Bosox held to 1 hit, Tigers win 1-0 in ALCS opener
By HOWARD ULMAN
The Associated Press | October 13,2013
Detroit Tigers starting pitcher Anibal Sanchez reacts after striking out Boston’s Stephen Drew with the bases loaded to end the sixth inning during Saturday’s Game 1 of the American League championship series in Boston.
BOSTON — The Boston Red Sox finally got a hit with one out in the ninth inning.
Too little, too late.
Daniel Nava’s clean single to center field for the highest-scoring team in the majors this season broke up Detroit’s bid for the third no-hitter in postseason history but couldn’t spark a rally as the Red Sox lost 1-0 in Game 1 of the AL championship series Saturday night.
Game 2 is Sunday night with Max Scherzer pitching for Detroit against Clay Buchholz.
The Red Sox set a club postseason record by striking out 17 times in a game. They did draw six walks — all against starter Anibal Sanchez, who left after six innings. Sanchez also threw two wild pitches.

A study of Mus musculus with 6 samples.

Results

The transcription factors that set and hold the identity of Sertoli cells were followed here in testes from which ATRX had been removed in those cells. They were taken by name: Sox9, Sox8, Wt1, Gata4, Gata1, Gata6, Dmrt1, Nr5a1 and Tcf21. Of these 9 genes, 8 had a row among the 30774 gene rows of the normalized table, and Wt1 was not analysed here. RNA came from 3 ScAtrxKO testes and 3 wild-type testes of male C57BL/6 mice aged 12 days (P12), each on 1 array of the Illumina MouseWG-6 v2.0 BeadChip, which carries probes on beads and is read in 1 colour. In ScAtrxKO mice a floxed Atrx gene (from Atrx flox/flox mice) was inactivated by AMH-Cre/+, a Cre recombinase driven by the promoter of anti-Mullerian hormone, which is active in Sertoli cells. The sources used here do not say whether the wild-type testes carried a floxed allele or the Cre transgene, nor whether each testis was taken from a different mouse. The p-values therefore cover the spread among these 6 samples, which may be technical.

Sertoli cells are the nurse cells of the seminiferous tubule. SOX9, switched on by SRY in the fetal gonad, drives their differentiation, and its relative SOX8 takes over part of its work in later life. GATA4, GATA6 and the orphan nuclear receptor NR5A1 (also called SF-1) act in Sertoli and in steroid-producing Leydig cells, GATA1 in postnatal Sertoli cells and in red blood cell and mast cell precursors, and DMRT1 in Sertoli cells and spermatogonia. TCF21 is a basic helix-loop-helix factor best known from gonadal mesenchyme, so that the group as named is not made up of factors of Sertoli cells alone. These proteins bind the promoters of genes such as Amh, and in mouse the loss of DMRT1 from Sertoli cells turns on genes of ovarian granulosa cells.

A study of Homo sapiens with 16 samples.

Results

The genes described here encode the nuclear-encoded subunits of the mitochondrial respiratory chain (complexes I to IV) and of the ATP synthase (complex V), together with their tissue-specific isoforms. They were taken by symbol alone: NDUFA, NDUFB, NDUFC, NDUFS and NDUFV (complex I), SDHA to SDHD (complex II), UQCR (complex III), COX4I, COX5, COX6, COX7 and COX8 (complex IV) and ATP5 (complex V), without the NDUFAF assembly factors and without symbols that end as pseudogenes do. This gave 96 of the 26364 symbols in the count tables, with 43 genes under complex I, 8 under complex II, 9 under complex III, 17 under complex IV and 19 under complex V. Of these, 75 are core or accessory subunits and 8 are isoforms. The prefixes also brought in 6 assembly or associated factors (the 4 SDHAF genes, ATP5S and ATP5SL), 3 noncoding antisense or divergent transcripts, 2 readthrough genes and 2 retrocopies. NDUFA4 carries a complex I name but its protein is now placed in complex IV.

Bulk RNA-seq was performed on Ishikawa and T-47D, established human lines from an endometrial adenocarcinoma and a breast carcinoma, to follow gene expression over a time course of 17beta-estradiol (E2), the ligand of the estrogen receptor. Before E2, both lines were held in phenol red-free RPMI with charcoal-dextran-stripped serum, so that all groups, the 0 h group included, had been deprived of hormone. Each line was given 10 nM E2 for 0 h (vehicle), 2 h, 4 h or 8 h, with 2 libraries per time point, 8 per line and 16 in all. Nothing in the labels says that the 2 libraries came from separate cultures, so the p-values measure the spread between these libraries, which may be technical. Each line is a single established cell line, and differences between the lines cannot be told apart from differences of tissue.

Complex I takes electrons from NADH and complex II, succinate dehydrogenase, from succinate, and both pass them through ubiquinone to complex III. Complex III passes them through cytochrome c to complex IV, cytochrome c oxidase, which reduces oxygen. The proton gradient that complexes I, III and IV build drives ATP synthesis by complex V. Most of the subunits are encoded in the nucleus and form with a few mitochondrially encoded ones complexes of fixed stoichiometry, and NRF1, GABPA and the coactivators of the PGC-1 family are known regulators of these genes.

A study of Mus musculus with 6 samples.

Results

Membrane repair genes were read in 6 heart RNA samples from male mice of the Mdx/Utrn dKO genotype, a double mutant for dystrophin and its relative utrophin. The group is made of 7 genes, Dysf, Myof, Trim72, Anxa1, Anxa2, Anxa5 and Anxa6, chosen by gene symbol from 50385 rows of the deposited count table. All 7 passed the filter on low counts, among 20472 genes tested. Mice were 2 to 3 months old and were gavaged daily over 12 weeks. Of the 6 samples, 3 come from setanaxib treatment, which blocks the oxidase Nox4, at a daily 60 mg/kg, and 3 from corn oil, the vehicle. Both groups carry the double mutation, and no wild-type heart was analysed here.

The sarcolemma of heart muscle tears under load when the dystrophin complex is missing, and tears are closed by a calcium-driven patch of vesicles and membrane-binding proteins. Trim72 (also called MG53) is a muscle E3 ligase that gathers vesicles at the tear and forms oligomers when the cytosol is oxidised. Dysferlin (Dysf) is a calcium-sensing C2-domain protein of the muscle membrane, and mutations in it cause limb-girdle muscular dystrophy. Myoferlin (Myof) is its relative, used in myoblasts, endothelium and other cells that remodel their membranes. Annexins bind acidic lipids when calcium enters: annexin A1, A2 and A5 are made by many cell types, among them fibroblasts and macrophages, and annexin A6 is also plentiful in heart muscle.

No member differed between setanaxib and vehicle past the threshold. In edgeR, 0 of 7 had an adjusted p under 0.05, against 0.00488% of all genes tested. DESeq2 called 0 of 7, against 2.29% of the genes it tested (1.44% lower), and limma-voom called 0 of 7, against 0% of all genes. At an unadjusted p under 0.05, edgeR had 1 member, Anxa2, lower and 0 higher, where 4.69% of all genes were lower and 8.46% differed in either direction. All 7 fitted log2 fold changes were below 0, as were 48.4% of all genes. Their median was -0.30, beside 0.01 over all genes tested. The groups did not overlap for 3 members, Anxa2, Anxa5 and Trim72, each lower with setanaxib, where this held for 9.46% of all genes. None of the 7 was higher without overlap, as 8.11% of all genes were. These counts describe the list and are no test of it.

Relievers Al Alburquerque, Drew Smyly and Jose Veras held the Red Sox hitless the next two innings and closer Joaquin Benoit struck out Mike Napoli leading off the ninth.
Then Nava got Boston’s only hit.
But it was a bad night from the start for the Red Sox.
Jacoby Ellsbury led off the first by striking out. Shane Victorino followed with another strikeout but reached first on a wild pitch then stole second.
No problem for Sanchez, who led the AL in ERA.
After walking Dustin Pedroia, he struck out the next two batters to become the second pitcher in postseason history to fan four hitters in an inning. Orval Overall of the Chicago Cubs did it in Game 5 of the 1908 World Series.
Sanchez left after striking out 12 in six innings. But the whiffs kept coming.
Boston fanned twice in the seventh against Alburquerque and twice more in the eighth against Veras.
The Red Sox had their chances earlier.
They left runners at second in each of the first two innings then went down in order in each of the next three before leaving the bases loaded in the sixth.